Are you a Klutz?


lindasad (1)

 

I was born on the 24th day of July, which according to family legend, was the hottest day of the year. According to the “stories” of Arthur J. Knight, it took my mother a couple of days to try and force me out into the world. Other old wives tales debate this fact, but the general idea is trouble always finds me. I was supposedly born a perfect sized child with green cat eyes, blonde hair, and a streak of klutziness that has followed me for years.

When I was 5 after hearing stories of cold weather, tongues, and steel posts, the dreaded deed was done. Do not attempt this at home kids, and yes, warm water works best.

At age 6 I didn’t see a car coming and got hit by a car trunk. Arthur Knight’s stories say I flew up higher than neighbour’s roof, and I put one hell of a dent on that trunk. I woke up on the couch with Dr. Roy telling everyone I would be okay and my grandfather offering me a Davy Crockett cake and some Classics Illustrated Comics about Jesus. I was “Queen of the Wild Frontier” with biblical tones for a few days.

At age 7 I put a Quebec tin license plate on the back of my tricycle and fell off the sidewalk while speeding up the street. When I got back on my bike I noticed I could see my leg bone. The license plate corner had gouged a huge hole in my thigh.

“No stitches were needed”, said Dr. Roy.

They were trying out new special bandages and I was basically first on my block to try them. It was such a wonderful idea they did away with them within the year. To this day I have a huge scar that looks like a pair of lips on my inner thigh.

Skateboards became the rage and I owned a wooden one with tin wheels. I have vertigo, yet I went up and down that almost 90 degree hill with the best of them. I fell a few times, but received only small scrapes. My neighbourhood friends thought it was funny to see this chubby kid with the blonde flip hairdo going down that hill at death defying speeds. That was because I kept my arms out straight screaming at the top of my lungs as the skateboard travelled downward.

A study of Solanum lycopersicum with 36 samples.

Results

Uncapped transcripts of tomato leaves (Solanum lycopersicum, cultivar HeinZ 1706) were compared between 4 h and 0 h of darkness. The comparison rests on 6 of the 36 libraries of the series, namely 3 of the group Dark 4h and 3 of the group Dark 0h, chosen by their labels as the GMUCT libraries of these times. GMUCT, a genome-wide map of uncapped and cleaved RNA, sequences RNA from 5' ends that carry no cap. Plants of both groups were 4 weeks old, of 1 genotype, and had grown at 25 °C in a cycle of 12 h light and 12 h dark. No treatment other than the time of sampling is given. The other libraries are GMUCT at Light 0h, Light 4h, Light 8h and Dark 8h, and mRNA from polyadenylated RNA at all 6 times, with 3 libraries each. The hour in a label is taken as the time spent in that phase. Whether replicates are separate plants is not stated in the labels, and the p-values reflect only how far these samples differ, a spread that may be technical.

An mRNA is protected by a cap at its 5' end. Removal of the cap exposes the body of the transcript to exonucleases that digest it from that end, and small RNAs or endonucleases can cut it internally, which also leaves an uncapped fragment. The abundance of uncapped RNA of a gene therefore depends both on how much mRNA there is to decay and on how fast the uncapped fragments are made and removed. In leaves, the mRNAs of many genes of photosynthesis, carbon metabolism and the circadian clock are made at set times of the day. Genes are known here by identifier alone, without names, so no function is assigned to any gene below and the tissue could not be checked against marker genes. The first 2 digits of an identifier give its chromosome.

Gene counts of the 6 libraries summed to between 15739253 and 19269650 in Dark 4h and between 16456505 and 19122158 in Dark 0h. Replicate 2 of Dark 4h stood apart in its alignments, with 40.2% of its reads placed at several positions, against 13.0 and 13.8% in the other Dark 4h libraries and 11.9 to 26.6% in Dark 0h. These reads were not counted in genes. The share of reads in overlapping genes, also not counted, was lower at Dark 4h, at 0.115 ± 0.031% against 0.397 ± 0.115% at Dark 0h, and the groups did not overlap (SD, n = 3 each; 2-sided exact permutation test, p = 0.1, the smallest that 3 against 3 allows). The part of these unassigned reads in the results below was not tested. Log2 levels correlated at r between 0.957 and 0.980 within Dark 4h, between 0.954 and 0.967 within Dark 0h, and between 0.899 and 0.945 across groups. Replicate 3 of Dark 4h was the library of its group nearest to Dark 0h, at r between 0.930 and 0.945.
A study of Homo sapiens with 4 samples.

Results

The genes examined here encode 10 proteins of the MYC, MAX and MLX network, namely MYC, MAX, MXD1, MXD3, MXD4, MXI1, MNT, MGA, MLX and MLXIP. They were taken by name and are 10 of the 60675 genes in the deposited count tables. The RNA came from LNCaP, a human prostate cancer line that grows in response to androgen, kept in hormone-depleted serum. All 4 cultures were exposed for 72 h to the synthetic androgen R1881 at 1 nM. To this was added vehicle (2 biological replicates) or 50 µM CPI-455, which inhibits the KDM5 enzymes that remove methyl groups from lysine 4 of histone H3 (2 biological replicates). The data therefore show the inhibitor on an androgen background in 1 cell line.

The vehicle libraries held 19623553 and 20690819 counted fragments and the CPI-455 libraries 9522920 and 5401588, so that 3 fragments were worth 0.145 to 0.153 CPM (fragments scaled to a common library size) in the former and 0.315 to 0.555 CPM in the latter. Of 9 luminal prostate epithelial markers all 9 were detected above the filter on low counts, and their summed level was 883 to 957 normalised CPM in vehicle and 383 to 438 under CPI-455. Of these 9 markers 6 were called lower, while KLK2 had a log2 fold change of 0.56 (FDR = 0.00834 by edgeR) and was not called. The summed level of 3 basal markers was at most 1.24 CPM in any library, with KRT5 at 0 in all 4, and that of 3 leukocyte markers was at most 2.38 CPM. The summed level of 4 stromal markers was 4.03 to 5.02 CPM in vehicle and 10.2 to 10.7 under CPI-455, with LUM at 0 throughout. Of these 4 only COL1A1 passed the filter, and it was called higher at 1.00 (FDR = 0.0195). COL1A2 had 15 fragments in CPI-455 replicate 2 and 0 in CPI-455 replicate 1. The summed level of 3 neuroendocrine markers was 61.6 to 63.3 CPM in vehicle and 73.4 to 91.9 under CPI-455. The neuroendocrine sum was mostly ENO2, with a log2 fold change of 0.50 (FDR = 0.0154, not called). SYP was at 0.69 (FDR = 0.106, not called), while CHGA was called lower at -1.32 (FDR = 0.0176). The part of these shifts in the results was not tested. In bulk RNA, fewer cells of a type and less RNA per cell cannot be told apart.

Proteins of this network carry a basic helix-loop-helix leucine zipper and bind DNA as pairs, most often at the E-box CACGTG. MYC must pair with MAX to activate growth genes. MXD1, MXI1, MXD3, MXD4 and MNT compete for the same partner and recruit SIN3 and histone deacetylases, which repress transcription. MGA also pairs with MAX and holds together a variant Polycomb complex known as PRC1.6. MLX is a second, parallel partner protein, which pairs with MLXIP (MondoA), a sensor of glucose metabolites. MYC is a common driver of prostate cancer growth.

One day Reverend Peacock’s handsome sons came to skate and I got on my board humming “Jimmy Mack” and awaited my turn trying to impress them. I had no idea that childhood friends Russell and Randall were hiding in the bushes that day.

No, not one single idea at all.

Days later our  parents had just settled the “snake incident” and I thought the two of them were finally going to leave me alone. Half way down that hill they jumped out of the side bushes screaming at the top of their lungs. Needless to say I fell off, rolled down the rest of that hill and took half my knee cap off.

End of skateboard career.

End of impressing the Peacock boys.

End of my life I thought as people talked about this for months.

Years pass and every second day seems to be filled with stubbed toes, bruised elbows and paper cuts. Yes paper cuts. They can be quite painful you know.

 

lindaballet

Let’s see – I have slipped down a back staircase with ballet shoes much like a water ride. Then I tried to tape a 50 pound box on a broken wooden TV table and it fell and broke my toe. Seven months pregnant with son number two I laughed when I saw the 100 foot wall of fabric in my old sewing factory tilt. Forty minutes later I was buried under it with a metal pipe crushed into my back.  Then I once did the splits in my store without warming up and heard a “pop” that broke windows around the world and I could barely walk for days.

The best one was falling down the basement stairs years ago and then finding out that Aleve* was no longer available in Canada. I swear everyone heard my voice for blocks in Shoppers Drugmart saying,

“What do you mean it’s banned in Canada because it could cause heart attacks?”

Yes, I will live another day, another hour, with stubbed toes, bruised elbows or another paper cut as:

My name is klutz and Jimmy Mack is never coming back.  Now I don’t move that much anymore and it’s just the flu– over and over and over LOL

 

About lindaseccaspina

Before she laid her fingers to a keyboard, Linda was a fashion designer, and then owned the eclectic store Flash Cadilac and Savannah Devilles in Ottawa on Rideau Street from 1976-1996. She also did clothing for various media and worked on “You Can’t do that on Television”. After writing for years about things that she cared about or pissed her off on American media she finally found her calling. She is a weekly columnist for the Sherbrooke Record and documents history every single day and has over 6500 blogs about Lanark County and Ottawa and an enormous weekly readership. Linda has published six books and is in her 4th year as a town councillor for Carleton Place. She believes in community and promoting business owners because she believes she can, so she does.